Dreamcast shakes Imagination

Imagination; IQE; KS Biomedix

Sega Dreamcast is dead! Long live Sega Dreamcast!

Does Sega's decision to kill off its Dreamcast games console mean game over for Imagination Technologies, the company that designs Sega's graphics chips?

Some investors think so. Imagination's stock crashed 31 per cent yesterday on a profits warning issued just 24 hours after Sega confirmed it was ending production of Dreamcast consoles.

The demise of Sega's console was expected as soon as Sony unveiled plans for Playstation2. However, the technology that powered the console lives on. Sega plans to license Dreamcast chipsets, still based on Imagination's "PowerVR" graphics, to makers of television set-top boxes, PCs, and mobile electronics. Imagination is targeting the same markets for its other intellectual property, including new all-in-one sound and graphics chips.

It is hard to predict whether either will be successful. Microsoft clearly believes consoles are the best way to tap the games market; it launches its Xbox console this year. Meanwhile, PC sales have slowed dramatically - another reason for Imagination's profits warning. Imagination's PC chip partner, ST Microelectronics, trails in graphics technology, although it is aggressively playing catch-up.

The outlook for the set-top box and mobile digital device markets is more encouraging. Pace Micro Technology, the European digital set-top box leader, has struck a deal over PowerVR technology. Regardless of slowing mobile handset sales, growth in other portable digital devices continues apace. Imagination's partner here is the leading semiconductor designer, ARM Holdings.

Still, Imagination will miss profits forecasts for this financial year. And in 2002, UBS Warburg, Imagination's house broker, reckons the loss of royalties on consoles will wipe £6m from Imagination's pre-tax profits, previously expected to be £11.4m. The PC slowdown will add another dent to earnings.

But no one should invest in this stock for the short-term. The shares, at 157.5p and valuing the group at £282m, are back at their level prior to news of the tie-up with ARM last month - arguably a deal with more long-term value than Dreamcast consoles.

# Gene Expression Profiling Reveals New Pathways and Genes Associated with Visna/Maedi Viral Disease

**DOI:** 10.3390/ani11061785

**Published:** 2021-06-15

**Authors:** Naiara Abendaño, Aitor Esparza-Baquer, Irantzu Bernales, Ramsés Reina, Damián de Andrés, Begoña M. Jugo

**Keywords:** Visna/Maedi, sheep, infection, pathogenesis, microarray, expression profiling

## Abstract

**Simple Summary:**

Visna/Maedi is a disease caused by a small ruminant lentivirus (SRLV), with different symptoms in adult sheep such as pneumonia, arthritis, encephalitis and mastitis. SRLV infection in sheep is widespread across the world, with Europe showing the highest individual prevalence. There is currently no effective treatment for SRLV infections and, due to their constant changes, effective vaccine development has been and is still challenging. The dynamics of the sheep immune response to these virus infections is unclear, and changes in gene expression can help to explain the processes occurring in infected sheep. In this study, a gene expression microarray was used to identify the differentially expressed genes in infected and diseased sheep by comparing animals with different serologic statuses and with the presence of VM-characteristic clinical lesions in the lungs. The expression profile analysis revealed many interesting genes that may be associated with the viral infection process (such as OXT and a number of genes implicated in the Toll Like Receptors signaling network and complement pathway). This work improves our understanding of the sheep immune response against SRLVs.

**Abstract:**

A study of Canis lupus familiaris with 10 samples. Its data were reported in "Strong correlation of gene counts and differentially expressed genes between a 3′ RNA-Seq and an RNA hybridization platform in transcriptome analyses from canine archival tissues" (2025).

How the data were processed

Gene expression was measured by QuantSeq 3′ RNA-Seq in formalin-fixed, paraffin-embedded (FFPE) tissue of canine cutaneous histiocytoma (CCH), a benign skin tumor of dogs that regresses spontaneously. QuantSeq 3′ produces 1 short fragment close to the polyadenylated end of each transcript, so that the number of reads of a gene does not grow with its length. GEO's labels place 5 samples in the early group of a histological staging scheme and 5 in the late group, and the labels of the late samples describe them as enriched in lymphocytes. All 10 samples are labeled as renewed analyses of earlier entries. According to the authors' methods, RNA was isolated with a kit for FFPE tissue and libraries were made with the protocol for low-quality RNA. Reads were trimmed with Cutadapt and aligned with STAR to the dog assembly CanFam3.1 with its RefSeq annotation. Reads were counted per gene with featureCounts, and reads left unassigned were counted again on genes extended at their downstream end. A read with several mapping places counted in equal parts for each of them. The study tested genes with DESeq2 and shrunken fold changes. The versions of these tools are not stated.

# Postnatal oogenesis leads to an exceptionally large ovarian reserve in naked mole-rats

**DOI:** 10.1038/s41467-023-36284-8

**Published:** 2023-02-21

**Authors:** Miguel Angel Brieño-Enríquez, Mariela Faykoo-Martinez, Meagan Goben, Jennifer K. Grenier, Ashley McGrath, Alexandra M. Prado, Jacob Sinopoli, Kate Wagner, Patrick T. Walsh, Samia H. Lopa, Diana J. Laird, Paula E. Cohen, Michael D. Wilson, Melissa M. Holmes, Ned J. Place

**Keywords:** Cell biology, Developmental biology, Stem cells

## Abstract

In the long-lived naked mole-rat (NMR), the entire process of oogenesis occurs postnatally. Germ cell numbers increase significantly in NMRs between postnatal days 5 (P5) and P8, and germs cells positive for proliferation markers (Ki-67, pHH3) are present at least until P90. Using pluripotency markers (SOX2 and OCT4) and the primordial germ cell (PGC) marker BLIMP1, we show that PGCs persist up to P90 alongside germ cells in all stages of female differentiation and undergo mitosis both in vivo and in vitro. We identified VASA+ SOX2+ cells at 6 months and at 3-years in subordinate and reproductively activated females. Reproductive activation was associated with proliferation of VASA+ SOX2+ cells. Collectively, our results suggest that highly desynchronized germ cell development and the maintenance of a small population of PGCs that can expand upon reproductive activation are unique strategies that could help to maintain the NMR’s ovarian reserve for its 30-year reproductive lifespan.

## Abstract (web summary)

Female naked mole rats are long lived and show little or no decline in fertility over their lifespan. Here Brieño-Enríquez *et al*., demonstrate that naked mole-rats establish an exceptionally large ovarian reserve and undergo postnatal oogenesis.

Equity Investigator, the research house, reckons the gap in Imagination's near-term earnings will see the shares drift lower in coming months. Offsetting this is the potential for positive newsflow. Hossein Yassaie, Imagination's chief executive, says more deals are in the pipeline. The stock may be speculative, but further weakness in the share price would be a buying opportunity.


It was open house yesterday at the Cardiff headquarters of IQE, the "semiconductor wafer" group, as it told visiting fund managers exactly what semiconductor wafers are - and precisely why they matter. Back in London, the shares fell 11 per cent in meagre volume.

The fall had nothing to do with anything IQE said. The firm is one of the stock market's most volatile tech stocks, and shareholders are quite accustomed to wild swings in its share price. In fact, Drew Nelson, the chairman, was upbeat.

IQE's wafers are used in the manufacture of superfast chips called compound semiconductors, which are found in DVD players and high-speed modems. The group enjoys more demand than it can meet.

Yesterday, Mr Nelson showcased new manufacturing facilities, churning out wafers at full capacity. Reassuring - IQE'S last quarterly results fell short of expectations due to production problems. Beeson Gregory's analyst returned from Wales comfortable with forecasts of £28.5m in turnover for 2000, rising to some £73m in 2001.

The shares, down 27.5p at 212.5p, value IQE at £345m, or 12 times sales. For a company doubling turnover annually, that's fair. The shares will appeal to investors who don't mind a bumpy ride.

KS Biomedix

Shares in KS Biomedix, the antibody technology group, have held up well despite biotech investors becoming more sceptical of the sector. The group owns technology that can produce human antibodies in genetically engineered sheep - an alternative to the "fully human" antibody technologies associated most commonly with rival Cambridge Antibody Technology.

KS Biomedix's plan is not to license out the technology but to develop drugs in-house. This is a costly affair. Yesterday, interim results showed losses widening 17 per cent, to £1.13m as research and development costs spiralled. While the group revealed a deal with a Singapore antibody manufacturing facility, the shares dipped 16.5p to 596p after the company warned research costs would rise this year as arthritis drugs, for which the group has no partner, enter phase III trials. The shares are too risky.